Tuesday 28 May 2024


Book review: Hera by Jennifer Saint [blog tour]

Jennifer Saint is the queen (or should that be goddess?) of Greek mythology retellings. She may not be the first author I've read who's turned the classic stories on their head, but she's arguably the best. She gives often unsung heroines their deserving chance in the spotlight in an incredibly captivating and enlightening way (three years on, and I am still not recovered from her stunning retelling of Ariadne's story). And this time she turns her hand not to another mortal heroine but rather to one of the great Olympian goddesses herself: Hera. 

About Hera

Hera is Zeus' sister and was crucial in bringing the old Titans down, launching the reign of the Olympians. But as a woman she isn't handed the skies, seas, or even the underworld on a gold platter to rule. Instead, her thunderbolt-wielding brother thinks she will make a suitable wife. Completely forgetting – or simply ignoring – that without Hera he wouldn't be sitting on his cushy throne on Mount Olympus.  

Needless to say, the equally powerful Hera doesn't just let her brother dictate the course of her existence. She's clever, cunning, and determined to carve out her own path in life; Zeus and his countless offspring merely a hindrance along the way. But as she takes on her single-minded mission to show her siblings, newer gods, and even mortals what she is made of – it becomes evident that maybe what she's looking for will forever linger just outside her grasp. 

My review

What Jennifer Saint does best is bringing a whole host of disconnected and even contrasting stories together to create something far richer and superior than any of the individual old tales. Though, as she deftly weaves together a myriad of myths, it also surfaces the absurdity that sits at the heart of so many of them. And never moreso than with this book, because it has one of the gods at its centre – and they truly do, and experience, some of the most bizarre moments in storytelling.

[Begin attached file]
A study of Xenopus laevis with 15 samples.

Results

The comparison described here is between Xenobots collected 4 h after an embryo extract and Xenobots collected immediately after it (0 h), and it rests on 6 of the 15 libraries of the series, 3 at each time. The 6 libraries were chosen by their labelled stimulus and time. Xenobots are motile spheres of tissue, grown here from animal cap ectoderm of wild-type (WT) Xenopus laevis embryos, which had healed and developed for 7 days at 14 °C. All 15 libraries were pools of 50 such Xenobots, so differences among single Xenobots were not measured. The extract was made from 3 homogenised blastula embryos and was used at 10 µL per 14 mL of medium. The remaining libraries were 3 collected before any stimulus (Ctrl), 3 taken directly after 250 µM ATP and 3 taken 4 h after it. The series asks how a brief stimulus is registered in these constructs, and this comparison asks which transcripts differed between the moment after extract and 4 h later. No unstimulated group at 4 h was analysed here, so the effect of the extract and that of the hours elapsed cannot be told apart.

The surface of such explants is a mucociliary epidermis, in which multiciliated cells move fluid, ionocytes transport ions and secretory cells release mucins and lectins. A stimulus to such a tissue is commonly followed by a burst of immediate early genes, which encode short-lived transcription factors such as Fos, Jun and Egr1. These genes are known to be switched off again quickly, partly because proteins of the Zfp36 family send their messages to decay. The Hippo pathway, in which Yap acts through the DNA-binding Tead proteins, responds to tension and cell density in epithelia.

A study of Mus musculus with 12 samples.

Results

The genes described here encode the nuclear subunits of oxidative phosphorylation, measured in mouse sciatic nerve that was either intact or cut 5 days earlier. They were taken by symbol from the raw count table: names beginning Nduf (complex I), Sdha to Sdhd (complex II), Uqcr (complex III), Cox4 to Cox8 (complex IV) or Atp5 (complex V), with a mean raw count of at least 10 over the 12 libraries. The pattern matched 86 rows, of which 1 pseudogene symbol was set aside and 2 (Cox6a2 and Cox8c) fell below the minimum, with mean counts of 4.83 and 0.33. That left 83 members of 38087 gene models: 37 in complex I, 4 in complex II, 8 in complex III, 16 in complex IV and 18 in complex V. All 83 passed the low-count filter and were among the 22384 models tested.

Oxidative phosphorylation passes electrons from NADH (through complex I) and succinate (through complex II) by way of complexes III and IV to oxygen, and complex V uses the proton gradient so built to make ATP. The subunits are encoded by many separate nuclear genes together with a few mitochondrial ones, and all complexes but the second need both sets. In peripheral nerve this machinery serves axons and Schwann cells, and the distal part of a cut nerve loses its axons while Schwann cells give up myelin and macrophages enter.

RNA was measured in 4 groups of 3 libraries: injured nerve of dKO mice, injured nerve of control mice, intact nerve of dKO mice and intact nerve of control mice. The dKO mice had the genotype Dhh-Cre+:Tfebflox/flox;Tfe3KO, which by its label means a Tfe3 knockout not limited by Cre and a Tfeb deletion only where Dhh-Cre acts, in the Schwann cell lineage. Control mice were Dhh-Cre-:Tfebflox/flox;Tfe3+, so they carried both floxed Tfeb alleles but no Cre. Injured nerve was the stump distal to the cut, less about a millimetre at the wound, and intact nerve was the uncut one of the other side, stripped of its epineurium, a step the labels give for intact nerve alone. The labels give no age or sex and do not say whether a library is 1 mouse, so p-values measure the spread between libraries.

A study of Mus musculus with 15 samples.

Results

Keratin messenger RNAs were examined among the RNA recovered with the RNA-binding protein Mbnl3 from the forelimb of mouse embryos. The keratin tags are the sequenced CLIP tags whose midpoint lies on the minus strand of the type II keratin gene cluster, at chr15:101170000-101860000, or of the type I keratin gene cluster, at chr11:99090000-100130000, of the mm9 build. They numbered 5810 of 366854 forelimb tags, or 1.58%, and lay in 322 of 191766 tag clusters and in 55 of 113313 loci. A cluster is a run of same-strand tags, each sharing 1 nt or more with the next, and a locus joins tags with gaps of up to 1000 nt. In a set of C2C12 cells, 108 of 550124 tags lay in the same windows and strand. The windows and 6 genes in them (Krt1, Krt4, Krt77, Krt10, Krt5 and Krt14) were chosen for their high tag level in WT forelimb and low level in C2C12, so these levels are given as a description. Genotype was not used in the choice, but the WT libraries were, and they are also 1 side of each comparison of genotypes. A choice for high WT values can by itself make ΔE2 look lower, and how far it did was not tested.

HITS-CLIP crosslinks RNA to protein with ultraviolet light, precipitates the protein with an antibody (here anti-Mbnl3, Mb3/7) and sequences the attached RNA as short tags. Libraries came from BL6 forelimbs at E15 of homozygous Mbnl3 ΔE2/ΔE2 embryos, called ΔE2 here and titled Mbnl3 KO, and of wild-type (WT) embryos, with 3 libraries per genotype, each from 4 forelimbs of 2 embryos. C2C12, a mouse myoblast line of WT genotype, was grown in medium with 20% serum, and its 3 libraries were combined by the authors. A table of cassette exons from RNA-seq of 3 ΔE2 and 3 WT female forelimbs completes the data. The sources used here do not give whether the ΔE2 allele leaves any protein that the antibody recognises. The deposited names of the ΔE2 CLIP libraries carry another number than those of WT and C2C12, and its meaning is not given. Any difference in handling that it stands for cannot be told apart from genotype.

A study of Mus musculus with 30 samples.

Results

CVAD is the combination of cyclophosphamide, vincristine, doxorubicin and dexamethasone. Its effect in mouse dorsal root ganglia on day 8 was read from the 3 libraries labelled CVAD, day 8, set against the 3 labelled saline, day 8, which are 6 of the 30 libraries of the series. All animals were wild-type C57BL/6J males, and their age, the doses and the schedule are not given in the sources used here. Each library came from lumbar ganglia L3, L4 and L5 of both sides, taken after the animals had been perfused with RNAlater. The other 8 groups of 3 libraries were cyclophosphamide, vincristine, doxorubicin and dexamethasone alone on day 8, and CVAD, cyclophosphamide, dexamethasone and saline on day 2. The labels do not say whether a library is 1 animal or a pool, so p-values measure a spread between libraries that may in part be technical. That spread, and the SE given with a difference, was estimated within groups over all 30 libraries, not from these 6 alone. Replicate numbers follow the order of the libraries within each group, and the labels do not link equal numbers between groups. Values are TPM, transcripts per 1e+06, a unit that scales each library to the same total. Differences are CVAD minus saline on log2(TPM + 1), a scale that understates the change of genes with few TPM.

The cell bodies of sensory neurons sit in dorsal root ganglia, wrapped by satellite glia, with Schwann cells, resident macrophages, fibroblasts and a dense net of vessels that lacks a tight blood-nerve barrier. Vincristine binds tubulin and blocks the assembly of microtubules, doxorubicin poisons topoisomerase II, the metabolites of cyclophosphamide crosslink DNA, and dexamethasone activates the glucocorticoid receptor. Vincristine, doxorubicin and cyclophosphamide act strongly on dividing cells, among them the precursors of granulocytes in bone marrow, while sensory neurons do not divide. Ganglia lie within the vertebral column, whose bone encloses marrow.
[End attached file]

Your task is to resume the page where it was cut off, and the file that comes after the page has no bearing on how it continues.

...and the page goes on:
With her tales about mortals, such as Atalanta and Ariadne, there was a certain level of humanity to ground the characters and, ultimately, the story. That was something lacking in this exposé of Hera, who felt far colder and disconnected as a result. While of course she deserves as much praise and power as her infamous brother, as a reader it's hard to truly care and root for her as she makes so many equally despicable choices herself. That isn't to say that there weren't moments where I was engrossed in Hera's tale, quietly cheering her on from the sidelines as she deployed another scheme to get what she wants. But 385 pages of one failed coup after another was too much.

And while there were some myths woven into the main plot that I didn't realise were connected to hers (particularly the monsters were a very fascinating aspect I wish to have read more of), unfortunately, it seems inevitable that all roads lead to Troy. I appreciate the immense impact this particular tale has had on shaping the foundations of Greek mythology, but it's simply been done too many times in recent years and despite the best efforts of the author it has lost all originality. 

While I'm a huge fan of Jennifer Saint's stunning writing and impeccable research, this is my least favourite of her novels to date. This is probably partly due to being exposed to too many Greek retellings in recent years, but it's also because those told from the perspective of an immortal being simply aren't as engaging as those that have a mortal protagonist. The stakes aren't as high and the characterisation makes it harder for readers to connect to the novel's heroine. We want more tender moments and genuine peril, aka more Ariadne and less all-powerful goddess.

Hera by Jennifer Saint is published by Wildfire (part of Headline Publishing) and you can now buy your copy from your favourite local book shop!

Blog tour stops for Hera by Jennifer Saint

This review for Hera is part of the blog tour for the launch of the book. Make sure to check out the other stops too!

Disclaimer: This book was gifted to me, but this has not impacted this honest review.